Video of a dean leading incoming med students in pledge to “honor Indigenous ways of healing,” commit to “anti-racism,” and more, suggests oath may be mandatory.
University of Minnesota sign


  • Medical schools nationwide are adopting student-written oaths at white coat ceremonies.
  • Many contain highly-politicized statements not all students may agree with.
  • Are you a med student who’s been forced to read one of these pledges? We want to hear from you.

Every year, incoming students at many medical schools across the country earn their white coats and pledge to “First, do no harm,” in what are known as “white coat ceremonies.” But this year, the University of Minnesota Medical School appears to ask its incoming class to pledge allegiance to a controversial set of ideologies crafted by a small subset of students — ideas with which other students may disagree. If mandatory, this practice would violate dissenting students’ First Amendment rights.

Public universities like UMMS are constitutionally bound to protect expressive rights. At the same time, they can strive to better serve students from historically marginalized populations. Universities can even encourage students to adopt practices furthering these goals. But they cannot force students to attest to personal beliefs they may not hold.

That’s what may be happening at UMMS, where administrators said a handful of the hundreds of incoming students prepared this year’s updated Hippocratic Oath for the entire class to read. Student-updated ethics oaths are trending at medical schools nationwide; they go beyond the traditional promises like “do no harm.” Similar student-authored oaths were adopted in recent years at medical schools like Harvard, Columbia, WashU, Pitt Med, and the Icahn School of Medicine.

FIRE wrote today to UMMS to get clarification about what appears to have happened at its most recent white coat ceremony.

Medical students possibly being made to read verbatim from ideological pledges if they wish to become physicians would be a new low.

The video shows students being led by a dean who directs them to stand and recite each word in unison — suggesting recitation of the oath may indeed be mandatory. The students acknowledge they are on indigenous land, vow to fight “white supremacy” and foster a culture of “anti-racism,” and promise to “honor all Indigenous ways of healing that have been historically marginalized by Western medicine.”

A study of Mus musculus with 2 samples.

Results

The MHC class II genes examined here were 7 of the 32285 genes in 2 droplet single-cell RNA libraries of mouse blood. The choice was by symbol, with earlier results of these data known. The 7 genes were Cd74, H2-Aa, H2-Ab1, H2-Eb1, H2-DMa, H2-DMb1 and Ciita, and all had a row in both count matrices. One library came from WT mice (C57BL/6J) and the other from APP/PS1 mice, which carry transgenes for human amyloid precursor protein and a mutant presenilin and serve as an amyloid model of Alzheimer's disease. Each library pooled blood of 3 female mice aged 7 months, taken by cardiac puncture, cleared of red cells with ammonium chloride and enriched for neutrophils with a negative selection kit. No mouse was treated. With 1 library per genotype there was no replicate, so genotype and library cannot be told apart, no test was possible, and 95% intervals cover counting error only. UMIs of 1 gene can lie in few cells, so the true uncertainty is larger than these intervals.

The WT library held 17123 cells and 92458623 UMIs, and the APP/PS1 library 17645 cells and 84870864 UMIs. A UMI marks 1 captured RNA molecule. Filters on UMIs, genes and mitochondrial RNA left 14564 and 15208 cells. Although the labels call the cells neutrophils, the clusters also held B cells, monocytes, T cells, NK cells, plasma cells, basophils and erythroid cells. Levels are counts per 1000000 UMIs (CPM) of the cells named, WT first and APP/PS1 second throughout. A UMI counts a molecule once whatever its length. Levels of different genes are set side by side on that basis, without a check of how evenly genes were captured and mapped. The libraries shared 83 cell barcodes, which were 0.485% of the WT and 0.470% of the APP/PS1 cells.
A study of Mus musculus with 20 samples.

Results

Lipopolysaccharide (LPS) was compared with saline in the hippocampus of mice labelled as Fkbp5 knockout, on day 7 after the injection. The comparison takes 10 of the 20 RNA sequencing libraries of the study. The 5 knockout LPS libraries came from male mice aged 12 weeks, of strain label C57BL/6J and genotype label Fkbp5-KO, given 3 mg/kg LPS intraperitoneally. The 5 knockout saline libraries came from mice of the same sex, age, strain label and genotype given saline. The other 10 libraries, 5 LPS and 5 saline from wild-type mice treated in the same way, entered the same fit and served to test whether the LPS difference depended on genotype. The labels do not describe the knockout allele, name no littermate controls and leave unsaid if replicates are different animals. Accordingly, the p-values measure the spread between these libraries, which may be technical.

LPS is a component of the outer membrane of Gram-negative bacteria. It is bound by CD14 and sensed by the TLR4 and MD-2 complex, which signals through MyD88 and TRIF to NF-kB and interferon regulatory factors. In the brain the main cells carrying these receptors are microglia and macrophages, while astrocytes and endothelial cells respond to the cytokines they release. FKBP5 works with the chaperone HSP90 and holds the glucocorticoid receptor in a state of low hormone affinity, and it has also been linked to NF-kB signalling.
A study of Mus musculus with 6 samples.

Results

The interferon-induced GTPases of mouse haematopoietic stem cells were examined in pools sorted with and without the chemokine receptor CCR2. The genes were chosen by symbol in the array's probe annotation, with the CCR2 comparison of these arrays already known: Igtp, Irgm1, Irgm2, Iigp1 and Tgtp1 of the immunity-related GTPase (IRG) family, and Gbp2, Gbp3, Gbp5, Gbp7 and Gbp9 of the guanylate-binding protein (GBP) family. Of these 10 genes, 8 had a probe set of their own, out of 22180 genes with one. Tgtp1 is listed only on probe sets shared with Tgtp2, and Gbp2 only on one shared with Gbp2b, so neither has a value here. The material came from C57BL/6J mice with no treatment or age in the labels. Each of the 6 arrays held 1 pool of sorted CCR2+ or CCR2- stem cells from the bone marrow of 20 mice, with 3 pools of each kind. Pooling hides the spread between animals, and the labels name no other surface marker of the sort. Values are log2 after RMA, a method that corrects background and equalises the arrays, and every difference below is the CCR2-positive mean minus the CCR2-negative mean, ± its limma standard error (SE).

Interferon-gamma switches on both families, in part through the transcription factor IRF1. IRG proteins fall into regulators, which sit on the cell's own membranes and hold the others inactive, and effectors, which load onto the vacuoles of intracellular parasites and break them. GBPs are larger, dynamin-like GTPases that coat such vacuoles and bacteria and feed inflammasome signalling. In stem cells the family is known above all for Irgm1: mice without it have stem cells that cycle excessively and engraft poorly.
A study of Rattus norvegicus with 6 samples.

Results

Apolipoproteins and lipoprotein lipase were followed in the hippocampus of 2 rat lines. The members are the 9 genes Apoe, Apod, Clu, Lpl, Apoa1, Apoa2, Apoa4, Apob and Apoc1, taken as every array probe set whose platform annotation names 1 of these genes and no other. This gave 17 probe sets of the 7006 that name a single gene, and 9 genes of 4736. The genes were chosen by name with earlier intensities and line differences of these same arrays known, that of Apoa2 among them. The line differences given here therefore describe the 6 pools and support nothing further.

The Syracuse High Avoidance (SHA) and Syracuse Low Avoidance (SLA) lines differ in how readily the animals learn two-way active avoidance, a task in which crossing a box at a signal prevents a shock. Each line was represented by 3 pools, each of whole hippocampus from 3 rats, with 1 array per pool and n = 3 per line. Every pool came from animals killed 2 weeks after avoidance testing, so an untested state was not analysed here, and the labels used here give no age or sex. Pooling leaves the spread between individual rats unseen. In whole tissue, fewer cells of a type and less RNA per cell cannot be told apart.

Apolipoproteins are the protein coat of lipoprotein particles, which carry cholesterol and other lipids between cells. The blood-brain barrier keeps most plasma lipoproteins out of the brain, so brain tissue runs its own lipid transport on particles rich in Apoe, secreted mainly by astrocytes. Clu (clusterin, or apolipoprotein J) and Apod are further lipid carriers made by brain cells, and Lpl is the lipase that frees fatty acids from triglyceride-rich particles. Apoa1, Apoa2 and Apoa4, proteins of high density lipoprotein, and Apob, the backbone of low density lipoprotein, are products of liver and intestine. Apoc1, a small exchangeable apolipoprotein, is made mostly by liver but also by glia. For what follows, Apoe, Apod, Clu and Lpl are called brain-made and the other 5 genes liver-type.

FIRE respects students’ rights to express their views. But because only a small committee of all new students penned the statement, some of the other several-hundred students may have been compelled to express that handful of classmates’ opinions as their own. (It’s unclear whether any students dissented and, if so, whether they could opt out.)

We’re also concerned that these subjectively squishy commitments could become de facto professionalism requirements, and that students could be punished for failing to uphold them. For example, what must a medical student do to adequately practice “anti-racism”? And whatever that may be, if she does not (as UMMS understands that term), could she be dismissed for violating her oath? What if she refuses to take the oath in the first place?

FIRE has certainly seen administrators of professional programs in medicine, dentistry, law — even mortuary science — who deployed ambiguous “professionalism” standards to punish students for otherwise protected speech.

Video of the Minnesota ceremony comes at a time when similar DEI initiatives are spreading nationwide. FIRE has seen a huge uptick in colleges and universities forcing students, and especially faculty, to pledge fealty to administrators’ subjective conceptions of “Diversity, Equity and Inclusion,” or “DEI.” 

More than 10% of the campus-related cases in which FIRE intervenes now concern requirements that students and faculty demonstrate their DEI commitments or contributions, or personally make land acknowledgements. 

The University of Minnesota Medical School must “First, do no harm,” by respecting incoming students’ basic constitutional rights. 

Again, while universities, students, and faculty are free to encourage or promote DEI-type values, forcing others to say they believe in these concepts is not only contrary to many universities’ legal obligations — but violates their moral obligations, too. 

Consider: Even students or faculty who broadly agree with a university’s stance on DEI may believe, for example, that land acknowledgements are merely performative. Or a faculty member who studies race and gender may have highly nuanced views on DEI not reflected by the university’s stance. Students, likewise, may disagree with other aspects of a given DEI pledge. 

Medical students possibly being made to read verbatim from ideological pledges if they wish to become physicians would be a new low.

The University of Minnesota Medical School must “First, do no harm,” by respecting incoming students’ basic constitutional rights. To do so, the administration must make clear to its incoming class that UMMS will not force them to express views they may not hold. 


FIRE defends students and faculty — regardless of their views. Are you a medical student required to recite an oath or pledge you don’t agree with? We’d like to hear from you. Go to thefire.org/alarm to tell us more.